Brierfield’s Six Mile marks 150 years with monthlong emphasiscomment (0)
July 15, 2010
By Ashley Anderton
The faces in a congregation change a lot over 150 years, but at Six Mile Baptist Church, Brierfield, one thing has remained the same — the people love God and others.
“If there’s a need and we have the funds to do it, we try to help people,” said Pastor Bob Hope.
A monthlong celebration of the Bibb Baptist Association church’s 150 years of giving culminated June 6 as about 100 people gathered to mark the anniversary.
During the morning service, Lonette Berg, executive director of the Alabama Baptist Historical Commission, presented a commemorative plaque; Bill Wallace, director of missions for Cahaba Baptist Association, delivered the sermon; and Eddie Rew, minister of music, led in worship.
After the service, attendees enjoyed a fellowship meal, special music and a time of sharing history and favorite memories.
“We look back to remember what God has done,” Hope said. “But we don’t want to live in the past. We’re still going [forward].”
Since his arrival in 2000, the church — which has an average Sunday attendance of about 45 — has increased its benevolence ministry and started a scholarship fund to aid local high school graduates in pursuing an undergraduate degree. Six Mile Baptist recently awarded $3,000 in scholarships to college-bound students.
The church also gives financial support to the Alabama Baptist Children’s Homes & Family Ministries, as well as Bibb County United Christian Ministries, which provides necessities and assistance with utilities to those in need.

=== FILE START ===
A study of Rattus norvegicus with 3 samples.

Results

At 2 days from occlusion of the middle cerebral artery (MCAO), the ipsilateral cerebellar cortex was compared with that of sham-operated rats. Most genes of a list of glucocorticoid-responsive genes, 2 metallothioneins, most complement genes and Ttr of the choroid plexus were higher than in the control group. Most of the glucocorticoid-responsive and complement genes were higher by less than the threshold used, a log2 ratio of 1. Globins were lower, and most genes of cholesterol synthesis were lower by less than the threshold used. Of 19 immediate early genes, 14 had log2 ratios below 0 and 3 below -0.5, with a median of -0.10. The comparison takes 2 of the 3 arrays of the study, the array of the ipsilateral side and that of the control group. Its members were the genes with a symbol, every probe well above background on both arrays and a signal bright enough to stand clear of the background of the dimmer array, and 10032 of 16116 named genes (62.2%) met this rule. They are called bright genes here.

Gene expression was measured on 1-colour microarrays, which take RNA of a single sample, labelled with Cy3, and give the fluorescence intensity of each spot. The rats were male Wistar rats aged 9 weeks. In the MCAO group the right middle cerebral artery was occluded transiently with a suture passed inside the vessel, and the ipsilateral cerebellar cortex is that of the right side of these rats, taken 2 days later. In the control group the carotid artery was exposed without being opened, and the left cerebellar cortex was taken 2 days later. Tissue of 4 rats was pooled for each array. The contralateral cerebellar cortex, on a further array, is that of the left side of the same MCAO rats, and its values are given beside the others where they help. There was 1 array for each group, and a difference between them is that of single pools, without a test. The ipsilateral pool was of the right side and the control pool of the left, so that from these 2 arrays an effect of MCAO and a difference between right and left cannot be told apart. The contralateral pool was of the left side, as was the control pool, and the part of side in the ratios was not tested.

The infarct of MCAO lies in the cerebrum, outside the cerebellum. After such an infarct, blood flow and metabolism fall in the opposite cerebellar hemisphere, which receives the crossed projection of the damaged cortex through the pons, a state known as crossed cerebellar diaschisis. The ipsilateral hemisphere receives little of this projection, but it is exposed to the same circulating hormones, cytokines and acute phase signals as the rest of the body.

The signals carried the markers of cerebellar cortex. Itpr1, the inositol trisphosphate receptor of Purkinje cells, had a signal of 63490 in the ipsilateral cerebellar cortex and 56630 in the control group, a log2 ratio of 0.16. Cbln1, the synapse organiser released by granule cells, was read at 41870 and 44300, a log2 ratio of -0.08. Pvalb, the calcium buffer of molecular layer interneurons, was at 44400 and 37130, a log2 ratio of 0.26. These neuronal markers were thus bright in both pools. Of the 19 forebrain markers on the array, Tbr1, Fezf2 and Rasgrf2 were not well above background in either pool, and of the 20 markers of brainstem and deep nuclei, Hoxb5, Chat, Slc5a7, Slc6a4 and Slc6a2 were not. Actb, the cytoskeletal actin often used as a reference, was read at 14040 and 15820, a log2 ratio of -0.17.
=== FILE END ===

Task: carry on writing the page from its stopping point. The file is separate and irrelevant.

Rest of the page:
This year, Six Mile members supported international missions work in Thailand and Central America.
“I hope [that in] the next 150 years, Six Mile will still be here, and if Christ comes back, He’ll find the church doing the work,” Hope said.
The church’s beginning can be documented with the acceptance of its constitution in 1860. However, it is believed that Six Mile may have been founded as early as 1848. Determining the actual date is difficult, because the church’s early records are missing. There also is no record of the specific location of the congregation’s first building.
Nonetheless some aspects of its history are certain. For example, Sunday School dates back to April 3, 1864. Also the belfry was added to the church in 1906. In May 1997, an addition to the building created a fellowship hall, more Sunday School rooms, a pastor’s study and nursery.
In 2002, the sanctuary was closed as wind damage was repaired. That year, members met in the fellowship hall. During the renovation, history was found hiding underneath the sanctuary floor in the form of pillars made from sawed off pines and two huge rocks holding up the northeast corner of the building. One weight-bearing rock remains as part of the cornerstone today. The church rededicated the sanctuary Nov. 16, 2003.